How Invasive species are taking over a watershed, an issue for local population of plants, fish and the watershed itself!
Invasive species in the Great Lakes are a major problem for the wellbeing of aquatic life and thus also the commercial fishing industry. Areas along the Grand River watershed rely heavily on fishing, both commercial and recreational, and foreign invaders pose a threat to local ecosystems. They can disrupt food chains, nutrient recycling, and they can out-compete native species. The worrisome newcomers include rotifers, cladacera, spiny water fleas, zebra mussels, and round gobies. The major cause of entry is ballast water brought in from ships entering the St. Lawrence Seaway. They are also brought in via ballast sediments, in which invertebrate eggs are contained and then released into the fresh water.
Round goby; photo via Encyclopedia of Life.
Round gobies were introduced into Lake Erie in 1993, and by 1999 the population exploded to 350 million. While gobies are preyed upon by many native fish species, such as yellow perch, smallmouth bass, and walleye, they are also nest invaders to rock bass eggs, and prey upon yellow perch eggs. This affects commercial fishing, perch, and rock bass populations, which can ultimately overturn Lake Erie’s ecosystem.
The Eurasian spiny water flea is a predatory zooplankton that came to North America in 1982. They invaded more than 50 inland North American lakes and now affect aquatic food chains. In Lake Erie, there is high gene flow among these species, primarily because of the transportation from ships. Because of this high gene flow, the water flea has a better chance of surviving due to new variations among natural selection.
Zebra mussels; photo via USDA (Flickr).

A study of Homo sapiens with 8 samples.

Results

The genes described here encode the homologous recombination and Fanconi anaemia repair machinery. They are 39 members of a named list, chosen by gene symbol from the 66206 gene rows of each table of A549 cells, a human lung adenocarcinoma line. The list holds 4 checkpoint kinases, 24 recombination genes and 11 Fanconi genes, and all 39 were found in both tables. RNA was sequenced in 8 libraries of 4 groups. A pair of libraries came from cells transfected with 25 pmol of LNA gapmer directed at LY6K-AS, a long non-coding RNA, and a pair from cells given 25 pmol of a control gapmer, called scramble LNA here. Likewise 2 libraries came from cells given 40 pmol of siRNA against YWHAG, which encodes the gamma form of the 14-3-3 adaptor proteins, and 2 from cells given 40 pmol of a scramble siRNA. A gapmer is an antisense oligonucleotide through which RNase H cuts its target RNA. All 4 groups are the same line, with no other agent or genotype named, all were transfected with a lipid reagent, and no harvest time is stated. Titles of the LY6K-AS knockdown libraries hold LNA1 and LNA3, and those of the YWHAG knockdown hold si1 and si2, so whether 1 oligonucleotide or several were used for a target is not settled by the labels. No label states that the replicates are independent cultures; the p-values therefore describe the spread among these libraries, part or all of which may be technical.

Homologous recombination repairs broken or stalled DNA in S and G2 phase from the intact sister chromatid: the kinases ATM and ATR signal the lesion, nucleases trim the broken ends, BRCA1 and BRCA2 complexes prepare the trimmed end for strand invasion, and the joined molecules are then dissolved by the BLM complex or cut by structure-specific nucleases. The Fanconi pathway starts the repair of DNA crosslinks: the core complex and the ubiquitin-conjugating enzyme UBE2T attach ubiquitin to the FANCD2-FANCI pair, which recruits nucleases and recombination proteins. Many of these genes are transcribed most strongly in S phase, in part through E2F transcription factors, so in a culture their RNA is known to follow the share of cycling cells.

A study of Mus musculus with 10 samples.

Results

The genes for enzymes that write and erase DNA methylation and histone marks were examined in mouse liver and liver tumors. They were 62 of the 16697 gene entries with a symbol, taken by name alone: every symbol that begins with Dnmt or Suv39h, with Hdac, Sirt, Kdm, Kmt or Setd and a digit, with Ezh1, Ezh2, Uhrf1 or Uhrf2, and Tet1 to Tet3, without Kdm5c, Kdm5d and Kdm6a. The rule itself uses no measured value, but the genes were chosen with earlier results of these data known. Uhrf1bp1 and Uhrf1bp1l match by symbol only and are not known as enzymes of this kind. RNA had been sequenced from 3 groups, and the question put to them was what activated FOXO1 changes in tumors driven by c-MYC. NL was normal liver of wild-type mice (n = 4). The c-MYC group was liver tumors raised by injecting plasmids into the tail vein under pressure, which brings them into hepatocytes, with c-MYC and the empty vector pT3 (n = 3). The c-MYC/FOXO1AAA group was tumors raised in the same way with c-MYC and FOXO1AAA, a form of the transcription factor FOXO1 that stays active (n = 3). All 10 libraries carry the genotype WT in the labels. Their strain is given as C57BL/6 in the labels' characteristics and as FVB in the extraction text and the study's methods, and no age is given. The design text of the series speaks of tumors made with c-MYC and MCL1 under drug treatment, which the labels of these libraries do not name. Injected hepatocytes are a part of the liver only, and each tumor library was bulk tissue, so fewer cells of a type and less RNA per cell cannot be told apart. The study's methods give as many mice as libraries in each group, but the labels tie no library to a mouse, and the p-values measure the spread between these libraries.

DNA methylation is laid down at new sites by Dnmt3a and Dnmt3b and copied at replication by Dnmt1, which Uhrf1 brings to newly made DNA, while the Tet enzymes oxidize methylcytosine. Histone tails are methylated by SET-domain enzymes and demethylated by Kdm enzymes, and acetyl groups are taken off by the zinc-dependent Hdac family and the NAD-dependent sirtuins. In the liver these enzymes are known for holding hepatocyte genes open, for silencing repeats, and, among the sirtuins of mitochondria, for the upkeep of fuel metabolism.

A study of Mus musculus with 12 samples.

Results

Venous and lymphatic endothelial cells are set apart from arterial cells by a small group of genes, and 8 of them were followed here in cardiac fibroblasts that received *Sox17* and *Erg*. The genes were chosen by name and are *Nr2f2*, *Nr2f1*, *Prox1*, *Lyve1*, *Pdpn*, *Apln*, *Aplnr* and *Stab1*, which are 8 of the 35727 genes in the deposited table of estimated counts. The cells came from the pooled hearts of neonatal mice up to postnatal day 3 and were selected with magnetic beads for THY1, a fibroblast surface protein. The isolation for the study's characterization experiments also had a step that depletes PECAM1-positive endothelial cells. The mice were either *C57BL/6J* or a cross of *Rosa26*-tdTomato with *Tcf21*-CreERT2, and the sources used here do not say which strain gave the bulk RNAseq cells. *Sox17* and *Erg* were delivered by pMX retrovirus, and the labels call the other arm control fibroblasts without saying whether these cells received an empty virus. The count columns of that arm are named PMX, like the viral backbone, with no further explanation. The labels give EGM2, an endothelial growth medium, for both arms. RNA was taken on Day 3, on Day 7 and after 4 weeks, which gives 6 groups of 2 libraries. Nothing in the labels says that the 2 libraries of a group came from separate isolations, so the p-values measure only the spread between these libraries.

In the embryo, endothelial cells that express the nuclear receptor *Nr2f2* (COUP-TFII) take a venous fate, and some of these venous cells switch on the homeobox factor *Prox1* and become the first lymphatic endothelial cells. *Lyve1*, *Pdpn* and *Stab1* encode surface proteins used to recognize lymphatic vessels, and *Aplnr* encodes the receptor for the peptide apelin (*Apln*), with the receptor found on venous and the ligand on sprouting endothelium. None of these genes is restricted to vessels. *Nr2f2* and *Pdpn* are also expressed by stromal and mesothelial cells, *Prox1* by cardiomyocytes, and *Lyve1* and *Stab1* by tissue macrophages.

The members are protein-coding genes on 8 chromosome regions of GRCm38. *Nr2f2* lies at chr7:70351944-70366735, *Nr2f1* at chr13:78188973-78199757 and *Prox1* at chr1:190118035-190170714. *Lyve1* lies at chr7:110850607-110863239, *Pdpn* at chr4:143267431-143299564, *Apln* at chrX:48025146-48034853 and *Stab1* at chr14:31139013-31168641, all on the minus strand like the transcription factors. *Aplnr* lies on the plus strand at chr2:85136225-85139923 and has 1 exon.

Zebra mussels are native to eastern and northern Europe and were introduced into Lake Erie in 1988. Female mussels can lay 30,000-40,000 eggs and form larvae called veligers. Zebra mussels attach themselves to hard surfaces by use of byssal threads. Native unionid clams are now endangered due to these mussels by attaching themselves to the clams and out-competing them by feeding on diatoms and fine organic matter. Unionids will eventually die after 4-8 years of zebra mussel infestation. But unionid clams can suffocate these mussels by burrowing under soft sediments; a small comeback for these sensitive organisms.
Lake Erie photographed by WraithWorshipper.
In order to protect Lake Erie, the Grand River watershed, and the Great Lakes as a whole, regional agreements and domestic policies must be studied. The International Convention on the Control and Management of Ships Ballast Water and Sediments sets water quality standards and invasive species regulations. Also, many of these species have predators that can lower their numbers, including the Lake Erie water snake, whose diet consists mainly of round gobies. Public outreach and education is a good approach to keeping the public informed on what’s going on in their area, and respecting the wildlife regulations on hunting and fishing are all positive ways to keep Lake Erie healthy.